Major Change in Unionization Rules —Fiorenza
But to say that a secret ballot vote on whether to become a union member is somehow tantamount to a “veto” of such a decision makes no sense. In fact, if the EFCA becomes law, employees will be forced to “choose” to become union members by openly signing authorization cards. Such a system seems much more prone to abuse than the current one, which allows workers to vote their conscience in the security of a secret ballot voting booth.
Moreover, all of the “coercive” tactics often attributed to employers are all illegal under the current law, and aggressively guarded against by the NLRB. For example, under current law, if any employer were to “fire or harass workers, [or] threaten [to] close the workplace, in order to coerce workers into voting against a union,” the NLRB could, at a minimum, nullify any such vote, and either require a new secret ballot or automatically install the union at the employer’s worksite.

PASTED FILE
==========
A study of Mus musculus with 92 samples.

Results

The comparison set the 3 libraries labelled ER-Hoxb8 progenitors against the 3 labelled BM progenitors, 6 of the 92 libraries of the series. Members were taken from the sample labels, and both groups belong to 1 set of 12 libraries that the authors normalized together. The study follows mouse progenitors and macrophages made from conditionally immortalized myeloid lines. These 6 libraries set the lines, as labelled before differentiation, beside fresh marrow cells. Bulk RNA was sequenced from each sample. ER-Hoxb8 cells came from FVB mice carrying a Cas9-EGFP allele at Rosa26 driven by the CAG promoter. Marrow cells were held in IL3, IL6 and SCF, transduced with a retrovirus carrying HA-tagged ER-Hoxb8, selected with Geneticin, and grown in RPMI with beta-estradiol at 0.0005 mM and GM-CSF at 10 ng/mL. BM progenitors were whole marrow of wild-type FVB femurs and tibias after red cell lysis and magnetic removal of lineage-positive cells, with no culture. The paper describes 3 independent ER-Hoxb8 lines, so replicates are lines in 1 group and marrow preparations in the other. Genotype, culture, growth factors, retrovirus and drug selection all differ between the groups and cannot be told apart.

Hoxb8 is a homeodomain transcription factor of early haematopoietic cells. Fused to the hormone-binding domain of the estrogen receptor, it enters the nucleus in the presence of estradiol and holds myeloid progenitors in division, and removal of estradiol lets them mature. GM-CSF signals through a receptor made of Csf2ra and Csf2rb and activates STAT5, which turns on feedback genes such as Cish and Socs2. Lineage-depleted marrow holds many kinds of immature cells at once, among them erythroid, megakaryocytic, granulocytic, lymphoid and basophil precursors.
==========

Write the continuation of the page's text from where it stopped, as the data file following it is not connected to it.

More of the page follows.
The fact is: Times have changed. Our society has changed. Our economy has changed. Our technology has changed. All of these factors have played a role in the decline of union membership in today’s workplace. The EFCA is an attempt to change the “rules of engagement” that have existed for 70 years to artificially tip the balance of power in favor of unions.
How much of a “free choice” is that? PI
About the Author
Nicholas J. Fiorenza is managing partner of the employment law firm of Ferrara, Fiorenza, Larrison, Barrett & Reitz, P.C., and longtime association counsel to the Printing and Imaging Association of New York State and its members. He is also president of Delacroix Consulting Group, the human resources consulting component of the law firm. For more information, visit www.ferrarafirm.com.